Seattle Starbucks continues to shrink its empire in an effort to turn around profits and a stagnant stock price.
The Seattle coffee company announced Tuesday afternoon that it will close approximately 600 underperforming company-operated stores in the United States in the next nine months, 500 more than it had already targeted.
It also expects to open fewer than 200 new U.S. company-operated stores during its 2009 fiscal year, which starts Oct. 1.
"In January, we committed to transforming the company through a series of critical and strategic initiatives to improve the current state of our U.S. business and build the business for the long term," Howard Schultz, chairman, president and chief executive, said in a prepared statement.
The closures are "significant, but a relatively small percentage of the store base," said John Owens, an analyst at the research firm Morningstar in Chicago.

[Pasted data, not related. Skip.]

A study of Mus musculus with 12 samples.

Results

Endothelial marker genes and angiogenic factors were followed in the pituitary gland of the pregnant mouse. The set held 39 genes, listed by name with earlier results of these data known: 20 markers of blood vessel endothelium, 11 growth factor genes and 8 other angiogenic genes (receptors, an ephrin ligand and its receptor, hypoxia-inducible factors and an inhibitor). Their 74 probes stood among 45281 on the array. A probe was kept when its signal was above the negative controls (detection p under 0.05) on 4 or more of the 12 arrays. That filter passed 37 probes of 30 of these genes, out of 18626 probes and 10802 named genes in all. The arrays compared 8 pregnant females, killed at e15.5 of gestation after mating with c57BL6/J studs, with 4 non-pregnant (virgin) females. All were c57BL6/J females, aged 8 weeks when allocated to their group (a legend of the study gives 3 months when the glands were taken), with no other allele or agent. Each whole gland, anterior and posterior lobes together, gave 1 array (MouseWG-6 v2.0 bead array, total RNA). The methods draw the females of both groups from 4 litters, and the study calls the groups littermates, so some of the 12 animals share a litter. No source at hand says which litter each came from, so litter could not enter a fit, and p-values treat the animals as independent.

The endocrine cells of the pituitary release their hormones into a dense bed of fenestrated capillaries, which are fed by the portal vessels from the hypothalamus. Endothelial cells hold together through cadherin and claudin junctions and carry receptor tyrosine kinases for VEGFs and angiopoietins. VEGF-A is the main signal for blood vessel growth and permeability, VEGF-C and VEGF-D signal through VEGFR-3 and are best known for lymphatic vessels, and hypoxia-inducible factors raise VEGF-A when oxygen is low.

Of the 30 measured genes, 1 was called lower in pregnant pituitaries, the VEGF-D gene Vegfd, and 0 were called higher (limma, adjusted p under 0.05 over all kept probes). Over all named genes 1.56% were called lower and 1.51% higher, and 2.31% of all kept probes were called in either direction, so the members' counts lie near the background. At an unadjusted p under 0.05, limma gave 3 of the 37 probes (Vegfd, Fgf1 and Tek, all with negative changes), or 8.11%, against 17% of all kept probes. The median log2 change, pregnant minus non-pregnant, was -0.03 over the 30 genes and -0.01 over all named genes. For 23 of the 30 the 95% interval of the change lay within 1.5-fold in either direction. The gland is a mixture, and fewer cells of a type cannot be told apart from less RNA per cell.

"By most companies' standards, it looks like a really big number, but the extra 500 stores represent about 7 percent of U.S. company-operated stores, 4 percent of total U.S. stores and 3 percent of global stores," Owens said.
Nearly three-quarters of the stores being closed were opened since October 2005, the company said. That means about one in five stores open since then are being shuttered, Owens figured.
"They probably made some poor real estate decisions, and when they opened stores in fiscal 2006, they probably didn't anticipate how tough the economy would be and how the brand would be struggling," he said.
Starbucks said it would try to find jobs within the company for those working at the stores that would be closing.
While Starbucks officials have not disclosed the locations of the 600 underperforming company-operated shops that will be closing in coming months, employees at the Starbucks in downtown Lawrence were confident Tuesday that their place wouldn't be on the list - both because they hadn't heard any specific news about the impending closures, and because theirs is the lone company-operated shop in town.
Julianna Bowman, a Starbucks spokeswoman, said closure notifications were making their way to affected stores late Tuesday and would continue for some time.
Starbucks said Tuesday that 70 percent of the stores to be closed had been opened since October 2005. The Lawrence store, which now has 17 employees, opened in December 2001.